Monday, February 20, 2012

Another quote from Brother Neil

L. Neil Smith, that is (I've linked the online beta version - this is from the Kindle version):

Anyone-including those who may fraudulently call themselves libertarians-who is aware of the Zero Aggression Principle and refuses to live by it, or promise to, is giving himself away. He is the badguy (sic, though I don't disagree with his usage), at least potentially, reserving to himself a right that he mistakenly believes he has, to beat you up or even kill you, should he deem it necessary or simply convenient sometime in the future. What he's saying is that he cannot be trusted, not as a friend, not as a neighbor, not as a colleague, not as a comrade.

...Unlike other ethical systems...the Zero Aggression Principle does not require us to turn the other cheek pacifically. Once an aggressor has revealed himself-by the initiation of force-he has crossed a morally qualitative boundary.

There can be no argument here about the specious, if ancient, doctrine of "degrees of force." You can be killed or maimed for life just as easily with a fist or a screwdriver as with a knife or a gun. The question isn't how much or what kind of force did your assailant initiate, but simply did your assailant initiate force. If the answer is yes, the degree of force you employ to stop him is up to your discretion.


T. F. Stern said...

If only that last line were true, "The question isn't how much or what kind of force did your assailant initiate, but simply did your assailant initiate force. If the answer is yes, the degree of force you employ to stop him is up to your discretion."

You can bet that isn't taught to police officers. In actuality, quite the reverse is true; a measured response is directly proportional to the type and amount of force generated against you or be prepared to get a lawyer to defend you against criminal and civil suits.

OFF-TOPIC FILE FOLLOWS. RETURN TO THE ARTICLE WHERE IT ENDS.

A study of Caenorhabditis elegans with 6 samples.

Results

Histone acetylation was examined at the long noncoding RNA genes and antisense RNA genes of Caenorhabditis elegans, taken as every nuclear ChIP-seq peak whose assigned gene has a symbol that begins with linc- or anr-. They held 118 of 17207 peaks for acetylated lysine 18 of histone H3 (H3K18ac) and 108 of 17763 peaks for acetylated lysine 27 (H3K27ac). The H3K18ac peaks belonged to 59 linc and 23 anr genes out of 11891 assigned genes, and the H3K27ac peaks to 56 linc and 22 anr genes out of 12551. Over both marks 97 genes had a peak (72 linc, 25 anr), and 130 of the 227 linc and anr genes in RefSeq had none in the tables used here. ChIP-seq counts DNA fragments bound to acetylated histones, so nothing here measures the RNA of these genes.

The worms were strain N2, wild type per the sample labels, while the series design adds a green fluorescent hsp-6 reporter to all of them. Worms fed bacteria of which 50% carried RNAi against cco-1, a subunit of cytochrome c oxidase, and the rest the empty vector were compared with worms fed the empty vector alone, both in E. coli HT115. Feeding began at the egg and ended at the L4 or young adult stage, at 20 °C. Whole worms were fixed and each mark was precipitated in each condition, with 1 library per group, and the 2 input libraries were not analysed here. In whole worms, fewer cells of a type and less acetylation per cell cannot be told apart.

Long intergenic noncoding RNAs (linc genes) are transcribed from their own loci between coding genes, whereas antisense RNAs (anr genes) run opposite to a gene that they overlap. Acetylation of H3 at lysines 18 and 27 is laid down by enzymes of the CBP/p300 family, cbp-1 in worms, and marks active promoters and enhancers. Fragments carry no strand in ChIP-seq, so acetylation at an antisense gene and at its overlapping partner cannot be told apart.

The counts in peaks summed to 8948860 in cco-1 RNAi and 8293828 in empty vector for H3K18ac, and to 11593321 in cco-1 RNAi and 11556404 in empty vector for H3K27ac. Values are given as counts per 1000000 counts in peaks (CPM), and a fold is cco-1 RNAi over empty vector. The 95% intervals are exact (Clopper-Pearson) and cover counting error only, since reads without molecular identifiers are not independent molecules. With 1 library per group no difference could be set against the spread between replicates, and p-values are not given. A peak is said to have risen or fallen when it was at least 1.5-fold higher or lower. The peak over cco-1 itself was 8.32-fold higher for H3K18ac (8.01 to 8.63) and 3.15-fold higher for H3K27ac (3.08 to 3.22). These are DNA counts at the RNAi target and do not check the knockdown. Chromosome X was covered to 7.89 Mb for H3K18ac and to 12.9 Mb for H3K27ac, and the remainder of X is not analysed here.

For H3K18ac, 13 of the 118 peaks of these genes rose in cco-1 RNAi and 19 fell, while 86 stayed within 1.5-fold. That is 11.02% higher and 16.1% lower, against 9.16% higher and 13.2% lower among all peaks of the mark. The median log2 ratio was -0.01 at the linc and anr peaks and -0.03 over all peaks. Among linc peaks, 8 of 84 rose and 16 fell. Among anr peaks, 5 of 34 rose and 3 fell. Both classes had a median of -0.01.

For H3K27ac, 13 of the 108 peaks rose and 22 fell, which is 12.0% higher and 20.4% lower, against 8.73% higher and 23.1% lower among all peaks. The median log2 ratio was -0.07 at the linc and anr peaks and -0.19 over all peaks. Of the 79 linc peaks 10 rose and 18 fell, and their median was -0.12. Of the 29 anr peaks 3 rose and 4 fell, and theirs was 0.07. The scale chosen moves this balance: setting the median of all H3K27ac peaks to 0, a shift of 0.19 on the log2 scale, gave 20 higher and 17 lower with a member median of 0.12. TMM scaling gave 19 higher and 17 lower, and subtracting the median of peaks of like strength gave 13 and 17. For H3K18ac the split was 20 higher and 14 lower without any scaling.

Enjoyed the post, thanks.

The probligo said...

I guess that TF's comment illustrates the conflict between "an eye for an eye" on the one hand, and "Thou shalt not kill" on the other.

Having exhausted my entire knowledge of things Biblical, TF can now prove that it is not so... and prove why I have so little faith in religion.

The probligo said...

Oh, and as a thought upon which to ponder...

Would either of you apply the same rule(s) to a person who caused the death of another through the use of a motor vehicle?

And, if you plead a difference between "accident" and "intent"?

Does intentionally driving a car at twice the legal speed limit constitute a distinction between "accident" and "culpable"? Or DIC at well over the legal limit?

Can one argue that you "accidentally" exceeded a speed limit or alchohol limit?

The poor victim is no less dead than if the driver had used a gun.

Al said...

Common Law can and has dealt with these issues. We don't need to reinvent the wheel for every issue. We'll still need lawyers and dispute resolution in the Natural Law regime, but there'll be some significant differences in the way they operate.

The probligo said...

Al, one of the "issues of the day" down here in NZ is the sentence given to a 15 y-o who raped a 5 y-o girl. He was given 10 years, plus concurrent sentences for related crimes of entering and burglary.

Sufficient punishment?

There is a viral video doing the rounds at the moment of the father of a raped girl killing (Ruby style) the guy who was charged with the rape. Not convicted, just charged.

Without the sidestep of your reply to the last, how would that fit in the scheme of justice that "any force is warranted"?

What would then be the response if the father were then to be killed by relatives of the "raper"?

Point being that if that is the kind of justice (and civilisation) wanted within your country, then the 1:625 chance of being wiped out by an asteroid in 2040 had better get close to 1:1.

So sad, really.

The probligo said...

A stray thought from the ether -

How might this principle of "measured discretion justice" be applied to the actions of a Staff Sergeant in Afghanistan?

In my book he should be handed directly and immediately to the Afghani justice system.